Jewelry Making Federal Regulations
Code of Federal Regulations
Title 16: Commercial Practices, Part 23 – Guides for the Jewelry, Precious Metals and Pewter Industries
This discussion will briefly discuss part of the above regulations, the entire Part 23 can be found online as the e-CFR™. This will not be the entire regulations, but a summary of the pertinent parts. For this particular discussion, I will limit the discussion to only those parts regarding metals. Future discussion will focus on gemstones and pearls.
These regulations are applicable to anyone who produces a product that is ...”fabricated from precious metals (gold, silver and platinum group metals), precious metal alloys and their imitations.” Thus these can be construed to also include the precious metal clays or any plated or filled metals.
Gold must only be used to describe items that products that are composed throughout of an alloy of gold of at least 10 karat fineness. The gold regulations include definitions of what is Gold Plate, Gold Filled, Gold Electroplate and several other terms. The real cruxt is that the Artisan can not use the word Gold to describe the product made, unless it is composed of at least 10 karat gold content. The fineness of the Gold must also be included, the fineness can only refer to any component of least fineness. Thus a product made of two different finenesses must be called the least fine.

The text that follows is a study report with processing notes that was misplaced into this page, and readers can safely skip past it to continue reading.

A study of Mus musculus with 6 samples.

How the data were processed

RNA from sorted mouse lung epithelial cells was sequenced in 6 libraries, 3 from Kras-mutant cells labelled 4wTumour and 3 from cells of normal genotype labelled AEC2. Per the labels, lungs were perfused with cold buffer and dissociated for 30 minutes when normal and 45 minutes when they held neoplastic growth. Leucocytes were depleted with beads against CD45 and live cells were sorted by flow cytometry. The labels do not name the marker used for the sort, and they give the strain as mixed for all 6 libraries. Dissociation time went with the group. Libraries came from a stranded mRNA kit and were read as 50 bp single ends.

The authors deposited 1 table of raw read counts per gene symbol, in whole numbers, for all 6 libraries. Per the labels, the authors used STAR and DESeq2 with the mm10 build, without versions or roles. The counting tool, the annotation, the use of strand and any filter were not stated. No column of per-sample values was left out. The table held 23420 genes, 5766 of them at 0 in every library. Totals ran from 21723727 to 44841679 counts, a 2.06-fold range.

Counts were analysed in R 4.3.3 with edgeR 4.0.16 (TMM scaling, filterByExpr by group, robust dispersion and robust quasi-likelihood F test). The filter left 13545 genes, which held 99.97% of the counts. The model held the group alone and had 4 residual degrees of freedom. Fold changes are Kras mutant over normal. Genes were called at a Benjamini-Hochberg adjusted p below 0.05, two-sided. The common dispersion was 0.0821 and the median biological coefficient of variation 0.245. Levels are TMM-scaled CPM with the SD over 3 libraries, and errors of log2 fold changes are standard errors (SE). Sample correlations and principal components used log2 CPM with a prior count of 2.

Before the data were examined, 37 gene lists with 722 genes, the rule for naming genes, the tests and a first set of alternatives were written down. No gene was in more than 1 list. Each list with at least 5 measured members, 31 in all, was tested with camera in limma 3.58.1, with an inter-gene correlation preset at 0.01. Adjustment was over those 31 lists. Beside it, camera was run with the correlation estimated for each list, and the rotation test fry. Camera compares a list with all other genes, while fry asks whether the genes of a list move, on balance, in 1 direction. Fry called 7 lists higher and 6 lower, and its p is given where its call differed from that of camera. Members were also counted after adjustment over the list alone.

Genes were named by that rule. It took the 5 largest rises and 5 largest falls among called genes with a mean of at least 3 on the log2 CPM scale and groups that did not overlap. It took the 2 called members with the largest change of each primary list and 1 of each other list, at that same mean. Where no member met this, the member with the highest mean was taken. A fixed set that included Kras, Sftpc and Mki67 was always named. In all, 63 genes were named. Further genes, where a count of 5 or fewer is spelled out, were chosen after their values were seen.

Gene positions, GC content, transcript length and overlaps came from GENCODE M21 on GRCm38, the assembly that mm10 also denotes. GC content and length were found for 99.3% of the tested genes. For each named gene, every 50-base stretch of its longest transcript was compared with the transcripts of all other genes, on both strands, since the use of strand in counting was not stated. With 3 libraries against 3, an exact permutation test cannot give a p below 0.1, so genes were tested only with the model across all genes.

The term “Sterling Silver” is restricted to describe an industry product that is at least 925 parts per thousand silver. The alloying metal is not restricted to copper. The term “Coin Silver” can be used to describe a product that is at least 900 parts per thousand silver.
Platinum Group Metals include platinum, iridium, paladium, ruthenium, rhodium abn osmium. Platinum must be at least 950 parts per thousand platinum to be called platinum. This applies to all of the group metals.
Simply put, if your product does not entirely meet the minimum quality to be called gold, silver and/or platinum you can not use that term in any part of your name or description of the product. There are no exceptions for these regulations based on size or type of the jewelry producer. Those of us in the Artisan jewelry industry must follow these regulations.